By: Rachel Newcombe - Updated: 14 Apr 2013 | comments*Discuss
 
Ivf In-vitro Fertilisation In Vitro

In-vitro Fertilisation or IVF as it’s better known, is a form of assisted conception technique that can help those with fertility problems have a baby. But what exactly is involved?

If you’ve been unsuccessfully trying for a baby for at least one year and have seen a GP or specialist about fertility treatment, you may well have been recommended to try IVF. The method was developed in the 1970s and the very first IVF baby was Louise Brown, born in July 1978. Since then, thousands of couples have successfully become parents and about 8,000 IVF babies are born in the UK each year.

What’s Involved?

Before treatment commences, you’ll have a full assessment at a fertility clinic and be told all about what’s involved so you’re clear from the outset.

A cycle of IVF takes about four to six weeks to complete. When the treatment begins, a woman is given fertility drugs to stimulate the production of eggs. Ultrasounds and blood tests are performed regularly to check how the eggs are developing. When they’re deemed ready to be removed, a general anaesthetic will be given and a doctor will surgically remove them from the ovaries with a fine hollow needle. The eggs are then mixed with the man’s sperm and left to fertilise in a laboratory (this is where the term ‘test tube baby’ came from, as it was often assumed that the sperm and eggs were mixed in a test tube).

Whilst the fertilisation is taking place, the woman is given hormones to prepare her body, and especially her uterus, for pregnancy. Fertilised eggs will form a ball of cells, called an embryo, and when they’re ready two or three embryos are implanted back into her uterus to, hopefully, achieve pregnancy. If any extra embryos have been formed, these are often frozen and used in future IVF cycles, where the first or more doesn’t work.

How Successful is it?

It’s the key question in many people’s minds, but isn’t always straightforward or easy to answer. The success of IVF depends on several factors, with key issues being the type of fertility problem involved and the age of women. Younger women have a higher chance of conceiving than older women – one in four women aged under 30 successfully have IVF babies, compared to one in 10 over 40s. However, the average chance of having a baby with IVF is about 20% per round of treatment with fresh embryos. Although frozen embryos are often used too for subsequent rounds of treatment, the chance does drop to 12%.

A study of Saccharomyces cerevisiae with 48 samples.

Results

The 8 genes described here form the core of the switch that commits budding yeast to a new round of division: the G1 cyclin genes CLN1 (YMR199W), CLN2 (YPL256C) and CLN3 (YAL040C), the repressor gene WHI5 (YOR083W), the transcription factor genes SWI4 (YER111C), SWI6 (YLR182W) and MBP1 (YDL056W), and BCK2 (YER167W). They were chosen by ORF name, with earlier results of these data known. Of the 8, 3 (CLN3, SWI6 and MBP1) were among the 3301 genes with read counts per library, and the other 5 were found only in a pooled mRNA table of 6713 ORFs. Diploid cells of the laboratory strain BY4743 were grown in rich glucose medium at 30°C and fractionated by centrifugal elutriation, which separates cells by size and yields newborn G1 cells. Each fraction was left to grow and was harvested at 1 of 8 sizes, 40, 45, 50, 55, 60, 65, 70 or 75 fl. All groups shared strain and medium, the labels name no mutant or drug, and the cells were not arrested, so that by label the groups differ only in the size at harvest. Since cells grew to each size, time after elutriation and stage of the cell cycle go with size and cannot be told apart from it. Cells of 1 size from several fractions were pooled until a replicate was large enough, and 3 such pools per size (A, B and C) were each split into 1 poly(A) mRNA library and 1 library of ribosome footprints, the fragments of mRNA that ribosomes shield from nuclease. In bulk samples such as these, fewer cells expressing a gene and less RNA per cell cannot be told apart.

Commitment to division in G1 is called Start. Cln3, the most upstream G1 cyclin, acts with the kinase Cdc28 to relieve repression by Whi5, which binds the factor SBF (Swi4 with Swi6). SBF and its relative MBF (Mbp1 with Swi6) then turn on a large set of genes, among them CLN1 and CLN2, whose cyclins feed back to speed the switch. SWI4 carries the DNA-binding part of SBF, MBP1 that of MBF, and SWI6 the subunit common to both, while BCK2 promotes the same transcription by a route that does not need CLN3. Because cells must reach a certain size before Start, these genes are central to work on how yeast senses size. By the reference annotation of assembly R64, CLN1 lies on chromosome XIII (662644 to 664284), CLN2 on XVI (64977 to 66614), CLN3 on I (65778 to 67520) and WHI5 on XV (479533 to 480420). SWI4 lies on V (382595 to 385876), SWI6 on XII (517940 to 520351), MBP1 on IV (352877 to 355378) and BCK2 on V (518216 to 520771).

Are There Any Risks or Side-Effects?

As with any form of treatment, potential risks and side-effects do exist. More than one embryo is often placed in the uterus, so there’s a higher chance that you could end up having twins or multiples, rather than a single pregnancy. Multiple pregnancies carry extra risks themselves, upping the chance of pregnancy complications or miscarriage.

Mild reactions to the drugs do occur sometimes, causing symptoms such as headaches, mood swings and hot flushes. A more severe reaction is called Ovarian Hyperstimulation Syndrome (OHSS), where cysts develop on the ovaries and fluid collects in the stomach. Symptoms of this include swelling in the stomach, pain, vomiting and nausea.

Sometimes it’s also possible to have an ectopic pregnancy, whereby the embryo develops in a fallopian tube, rather than the womb. Signs of an ectopic pregnancy include severe stomach pain, vaginal bleeding, fainting, feeling lightheaded and sickness. If you’re having IVF and develop any unusual or concerning symptoms, then it’s important to speak to your doctor immediately.

Undergoing IVF can be emotionally challenging too, especially when treatment cycles are unsuccessful. You should receive counselling from the clinic you attend, but there are also other support groups available nationwide that you may benefit from attending.